Construction projects were put on hold during the pandemic as state-mandated shutdowns spread across the nation. Once the projects resume, it will be essential to keep new safety guidelines in practice while striving for quality output.
Similarly, considering how sleep plays a vital role in determining the overall efficiency, practices that support healthy sleeping habits should also be promoted.
Keeping this in mind, here is an in-depth analysis of how sleep affects productivity in the construction industry.
Why Sleep Cycles Matter
According to the National Health Interview Survey, the average sleep time for construction workers is 7 hours and 24.6 minutes. That’s about the same amount of sleep for workers in agriculture, physical science and building, and ground maintenance. Many people naturally sleep at night and rise with the sun, as this cycle directly impacts their melatonin levels.
Melatonin is the sleep hormone that slows in daylight hours, which corresponds with the mind being more alert. It then increases at night, culminating in another sleep cycle. Establishing a regular sleep pattern of waking up in the morning, and returning to sleep at night helps the body balance other hormones such as cortisol and adrenaline. Scientists have learned by studying the effects of melatonin that lack of sleep or erratic sleep patterns may trigger cognitive disorders.
Medical experts now believe getting sufficient exposure to the sun each day enhances alertness and mental focus by raising serotonin levels. These levels directly affect a person’s mood, cognition, learning, and memory while converging to affect overall mental focus. A balanced level of hormones in the body will allow a worker to have greater control over their appetite, mood, and sleep. Showing up to work grumpy and hungry will result in a negative impression of the worker in front of his superiors and colleagues.
How Deep Sleep Helps
Lack of sleep can impair physical ability as well. Waking up in the morning and exercising raises body temperature, which sharpens the mind at the same time. Body temperature then lowers at night, which naturally helps a person wind down for sleep. It’s essential for both mental and physical health that an individual experiences rapid eye movement (REM) during sleep, which is the third stage of the sleep cycle, also known as “deep sleep.”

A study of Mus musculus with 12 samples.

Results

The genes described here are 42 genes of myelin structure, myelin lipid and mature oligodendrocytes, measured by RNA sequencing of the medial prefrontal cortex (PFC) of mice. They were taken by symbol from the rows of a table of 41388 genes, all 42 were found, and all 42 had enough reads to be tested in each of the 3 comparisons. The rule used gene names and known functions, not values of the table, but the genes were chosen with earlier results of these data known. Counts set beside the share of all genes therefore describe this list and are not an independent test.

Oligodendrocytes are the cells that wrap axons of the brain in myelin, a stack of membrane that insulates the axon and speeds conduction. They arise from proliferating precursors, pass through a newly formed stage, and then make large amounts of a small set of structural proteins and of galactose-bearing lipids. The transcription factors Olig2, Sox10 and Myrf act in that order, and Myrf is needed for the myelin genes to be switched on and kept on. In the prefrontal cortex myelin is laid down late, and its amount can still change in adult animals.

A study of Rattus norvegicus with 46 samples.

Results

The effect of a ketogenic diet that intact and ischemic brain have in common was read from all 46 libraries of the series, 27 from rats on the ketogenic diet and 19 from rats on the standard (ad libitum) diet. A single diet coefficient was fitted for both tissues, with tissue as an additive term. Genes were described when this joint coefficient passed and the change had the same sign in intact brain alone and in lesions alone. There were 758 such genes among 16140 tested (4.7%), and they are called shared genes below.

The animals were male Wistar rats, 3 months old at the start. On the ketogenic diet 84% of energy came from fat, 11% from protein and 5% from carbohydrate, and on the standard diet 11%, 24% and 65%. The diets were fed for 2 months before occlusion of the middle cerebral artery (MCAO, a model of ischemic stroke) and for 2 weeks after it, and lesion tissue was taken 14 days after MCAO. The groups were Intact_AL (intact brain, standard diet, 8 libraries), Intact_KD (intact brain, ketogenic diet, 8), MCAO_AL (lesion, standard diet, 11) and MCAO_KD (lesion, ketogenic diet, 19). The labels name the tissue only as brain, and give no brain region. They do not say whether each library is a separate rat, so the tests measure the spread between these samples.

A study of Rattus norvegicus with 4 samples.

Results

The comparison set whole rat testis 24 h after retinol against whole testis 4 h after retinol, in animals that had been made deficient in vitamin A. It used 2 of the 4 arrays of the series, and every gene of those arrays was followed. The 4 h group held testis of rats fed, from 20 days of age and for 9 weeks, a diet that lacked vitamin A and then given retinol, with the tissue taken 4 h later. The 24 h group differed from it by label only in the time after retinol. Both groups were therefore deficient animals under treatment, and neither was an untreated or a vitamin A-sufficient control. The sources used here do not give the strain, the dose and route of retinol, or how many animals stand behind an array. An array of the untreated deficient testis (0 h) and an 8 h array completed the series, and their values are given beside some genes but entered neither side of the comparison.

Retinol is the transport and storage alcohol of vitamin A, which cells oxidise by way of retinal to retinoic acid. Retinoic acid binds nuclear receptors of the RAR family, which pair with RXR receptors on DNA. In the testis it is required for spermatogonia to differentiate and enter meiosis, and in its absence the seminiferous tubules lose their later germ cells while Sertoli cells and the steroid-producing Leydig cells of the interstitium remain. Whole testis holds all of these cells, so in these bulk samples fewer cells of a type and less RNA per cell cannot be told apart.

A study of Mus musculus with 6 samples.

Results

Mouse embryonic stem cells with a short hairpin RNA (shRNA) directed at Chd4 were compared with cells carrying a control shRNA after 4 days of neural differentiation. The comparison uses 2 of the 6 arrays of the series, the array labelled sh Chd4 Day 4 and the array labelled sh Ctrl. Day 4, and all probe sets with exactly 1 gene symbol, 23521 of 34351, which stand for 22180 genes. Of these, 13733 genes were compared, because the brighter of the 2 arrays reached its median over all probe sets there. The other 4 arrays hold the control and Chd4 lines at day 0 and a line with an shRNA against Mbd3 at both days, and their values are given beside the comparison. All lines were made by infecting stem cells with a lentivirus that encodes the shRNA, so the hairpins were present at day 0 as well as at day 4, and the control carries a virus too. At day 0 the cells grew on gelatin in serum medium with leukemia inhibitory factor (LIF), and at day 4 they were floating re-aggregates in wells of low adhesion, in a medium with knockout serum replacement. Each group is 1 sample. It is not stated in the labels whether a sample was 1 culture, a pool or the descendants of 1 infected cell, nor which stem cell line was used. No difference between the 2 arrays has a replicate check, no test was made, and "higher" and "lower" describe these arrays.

The deep sleep phase cleanses the brain as human growth hormones (HGH) reset the body by repairing cell tissue. This complex combination prepares workers for another day of mental alertness and physical productivity.
Emphasize the Need for Adequate Sleep
Employers can take the initiative to inform construction workers they need the right amount of sleep to maintain reliable performance on the job. By emphasizing this point, construction companies can maximize productivity and raise awareness. Falling out of rhythm with normal sleep patterns can cause a hormonal imbalance that leads to insomnia.
Lack of sleep can eventually culminate in a serious accident on the job. It may further impair communication skills, which are vital to ensure good relations with the client and coworkers. Many times construction errors are a result of miscommunication.
Embracing the Value of Sleep and Productivity
Since construction can be a very dangerous job, it’s imperative that all workers understand the value of sleep and how it affects productivity. Operating huge machinery like a crane requires complete focus. Prior to OSHA making strict regulations about such equipment use, deadly crane accidents weren’t as rare as they are now. However, cranes can still tip over and cause massive damage if the operator fails to follow regulations due to drowsiness.
Advising workers to get adequate sleep is crucial for the construction industry to be both safe and productive. Be sure your company and subcontractors have all established the proper insurance coverage before resuming project work.
Contact the experts at Proforma Construction, Bay Area, for all your construction needs. We are available at your service even during the pandemic.